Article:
The “new, subdued Louis Armstrong”

June 15th, 2016

armstrong

Louis Armstrong arrives in Leopoldville, Congo,  October 28, 1960

 


I recently came across an April 27, 1960 newspaper article that was published at a time when Armstrong was caught between 1) advocating for his country (while on tour as the country’s “jazz ambassador”) and 2) for his fellow African-American countrymen in the midst of the struggle for civil rights. 

Titled “Satchmo Silent on Racial Crisis,” (from an unknown source but catalogued in the Armstrong file at the Institute of Jazz Studies at Rutgers University) this excerpt – transcribed at the time by the reporter in a poor (and racist) attempt at communicating his vernacular – is an example of Armstrong’s views in the early 1960’s debate about politics, civil rights, and rock and roll, and also underscores his reservation about communicating anything particularly controversial.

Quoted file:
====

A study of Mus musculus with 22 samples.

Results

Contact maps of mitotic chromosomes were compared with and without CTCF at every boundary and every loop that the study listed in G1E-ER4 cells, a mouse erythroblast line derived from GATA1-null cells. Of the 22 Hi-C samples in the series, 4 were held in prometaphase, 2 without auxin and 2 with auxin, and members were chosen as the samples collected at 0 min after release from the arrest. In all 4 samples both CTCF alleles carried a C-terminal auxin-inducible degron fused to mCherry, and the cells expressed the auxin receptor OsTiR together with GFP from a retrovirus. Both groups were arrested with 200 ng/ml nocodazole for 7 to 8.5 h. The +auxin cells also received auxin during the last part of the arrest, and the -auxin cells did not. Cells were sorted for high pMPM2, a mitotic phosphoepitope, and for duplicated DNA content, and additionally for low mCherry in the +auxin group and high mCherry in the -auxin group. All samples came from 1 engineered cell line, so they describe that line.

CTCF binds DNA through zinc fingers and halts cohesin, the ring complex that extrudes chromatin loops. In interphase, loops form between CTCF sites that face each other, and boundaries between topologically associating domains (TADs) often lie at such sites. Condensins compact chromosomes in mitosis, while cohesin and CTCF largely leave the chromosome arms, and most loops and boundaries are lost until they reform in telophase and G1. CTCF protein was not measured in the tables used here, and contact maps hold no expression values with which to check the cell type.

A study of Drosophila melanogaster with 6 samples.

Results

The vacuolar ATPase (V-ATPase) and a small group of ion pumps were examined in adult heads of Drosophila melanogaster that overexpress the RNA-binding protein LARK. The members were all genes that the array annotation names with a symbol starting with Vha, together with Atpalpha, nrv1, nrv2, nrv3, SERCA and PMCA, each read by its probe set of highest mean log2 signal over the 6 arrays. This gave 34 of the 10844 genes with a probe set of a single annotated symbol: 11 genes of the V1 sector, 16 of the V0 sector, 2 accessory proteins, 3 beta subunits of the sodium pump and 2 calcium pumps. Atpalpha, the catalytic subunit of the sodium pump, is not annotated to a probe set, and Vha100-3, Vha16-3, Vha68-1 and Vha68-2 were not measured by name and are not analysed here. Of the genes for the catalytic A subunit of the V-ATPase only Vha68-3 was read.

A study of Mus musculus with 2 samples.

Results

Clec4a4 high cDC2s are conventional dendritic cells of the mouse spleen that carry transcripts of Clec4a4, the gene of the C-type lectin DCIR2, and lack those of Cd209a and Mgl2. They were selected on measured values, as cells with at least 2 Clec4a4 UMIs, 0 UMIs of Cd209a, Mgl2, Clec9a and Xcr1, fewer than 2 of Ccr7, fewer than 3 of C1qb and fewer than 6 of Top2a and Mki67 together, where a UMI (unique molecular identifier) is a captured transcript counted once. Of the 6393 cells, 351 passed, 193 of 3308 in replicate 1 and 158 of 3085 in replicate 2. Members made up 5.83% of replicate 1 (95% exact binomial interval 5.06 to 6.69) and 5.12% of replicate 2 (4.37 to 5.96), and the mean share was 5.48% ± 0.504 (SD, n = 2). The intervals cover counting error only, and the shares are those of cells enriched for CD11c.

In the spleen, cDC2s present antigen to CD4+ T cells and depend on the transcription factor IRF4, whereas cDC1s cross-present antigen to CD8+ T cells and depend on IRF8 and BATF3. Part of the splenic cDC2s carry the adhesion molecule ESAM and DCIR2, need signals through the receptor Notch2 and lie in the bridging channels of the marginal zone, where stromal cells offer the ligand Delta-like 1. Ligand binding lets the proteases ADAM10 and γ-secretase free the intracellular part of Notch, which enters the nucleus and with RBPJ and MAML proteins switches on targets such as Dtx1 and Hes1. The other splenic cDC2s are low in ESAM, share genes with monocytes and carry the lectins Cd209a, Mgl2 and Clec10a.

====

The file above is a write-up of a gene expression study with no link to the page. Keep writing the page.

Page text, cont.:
Pencils hovering, reporters asked:

“How is the race situation going in the South?”

“Ooooh, dear.”

“Your manager says you don’t talk about things like that anymore.  Is that so?”

“Yaah, ya might say.”

“Why?”

“Well, talkin’ about it don’ do no good.”

“Have you tried talking about it?”

“Man, have Ah eveh.  Papahs all ustah be fulla me talkin.”

“So what do you talk about now?”

“Music.”

“What’s new with music?”

“Pretty well the same ol’ thing.”

“Did rock ‘n’ roll ever cut into your audience when it was at its height?”

“Nah.  It nevah came close.”

“Why not?”

“’Cause Ah play good music.”

“How much longer are you going to play?”

“Ah’ve been at it ‘bout fohty-se’m yeahs now.  Go on fo-evah, Ah guess.”